A single-car accident is a car accident involving only one vehicle. In other words, the collision happens with only one vehicle, rather than with two or more vehicles. A single-car accident can occur when a vehicle:
- Flips over without hitting or being hit by a second vehicle
- Runs off the side of the road or highway
- Spins out of control
- Collides with a tree, wall, pole, or other stationary object
- Hits a pedestrian
- Collides with a guardrail
- Hits a deer or other animal
Depending on the type of collision involved, and the conditions on the road, single-car accidents can often result in very serious highway injuries. These can include head injuries, neck and back injuries, broken bones, lacerations, concussions, and other similar injures.
Determining fault in a car accident involving two vehicles usually depends on who was negligent before or during the crash. However, determining fault may become more complex when only one car is involved.
Depending on the situation, various parties can be held liable for a single-car accident. In some cases, the driver of the car can be held liable, such as when the accident is a result of their speeding or other traffic violation. In other cases, other parties can be held liable, such as:
- Local governments and municipalities, for a failure to repair dangerous road conditions, poor road conditions, and other dangers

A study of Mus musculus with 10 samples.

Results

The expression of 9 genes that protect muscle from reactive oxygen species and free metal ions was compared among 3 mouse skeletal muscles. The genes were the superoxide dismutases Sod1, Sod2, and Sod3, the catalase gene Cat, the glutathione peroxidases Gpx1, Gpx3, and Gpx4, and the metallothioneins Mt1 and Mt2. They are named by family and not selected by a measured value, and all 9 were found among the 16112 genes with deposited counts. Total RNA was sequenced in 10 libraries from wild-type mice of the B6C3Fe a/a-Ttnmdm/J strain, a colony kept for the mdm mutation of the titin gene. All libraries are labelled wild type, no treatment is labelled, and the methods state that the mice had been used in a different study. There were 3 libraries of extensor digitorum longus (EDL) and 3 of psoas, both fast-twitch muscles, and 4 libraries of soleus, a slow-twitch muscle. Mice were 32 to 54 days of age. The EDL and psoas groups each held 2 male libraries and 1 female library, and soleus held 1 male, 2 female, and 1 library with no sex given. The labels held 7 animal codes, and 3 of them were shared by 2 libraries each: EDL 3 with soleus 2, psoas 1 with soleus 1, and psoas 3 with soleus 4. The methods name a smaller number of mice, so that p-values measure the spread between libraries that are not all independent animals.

- Other drivers on the road, such as when the accident is caused by objects falling from a vehicle
- Vehicle manufacturers, such as when the accident is caused by a defective product (an example is when the brakes fail on a car due to a defect, resulting in an accident)
- Pedestrians and other person who have caused an accident by disobeying pedestrian rules
- Various other parties depending on the situation
If a party is found liable for the injuries, they may be required to pay damages, which can cover losses like hospital bills, property repair, lost wages, and other costs.
Whether a driver can file an insurance claim on the single-vehicle accident depends on the type of coverage:
- Liability coverage pays for property damage and bodily injuries caused by an injured driver.
- No-fault coverage compensates for property damage and bodily injury the driver caused someone else.
- Collision coverage covers any damage to the insured car caused by a collision with an object or another vehicle.
- Comprehensive coverage pays for the insured for the property damage and bodily injury caused.
Thus, coverage may depend on the person’s individual policy as well as the insurance company’s practices. Persons who have questions about insurance issues may also need legal assistance for that portion of their claim.
When you are trying to recover damages or if you are being sued for a car accident, it is helpful to contact a local personal injury attorney. A lawyer can assist you with handling your case, including assisting you with settlement negotiations and putting together the required items for a trial.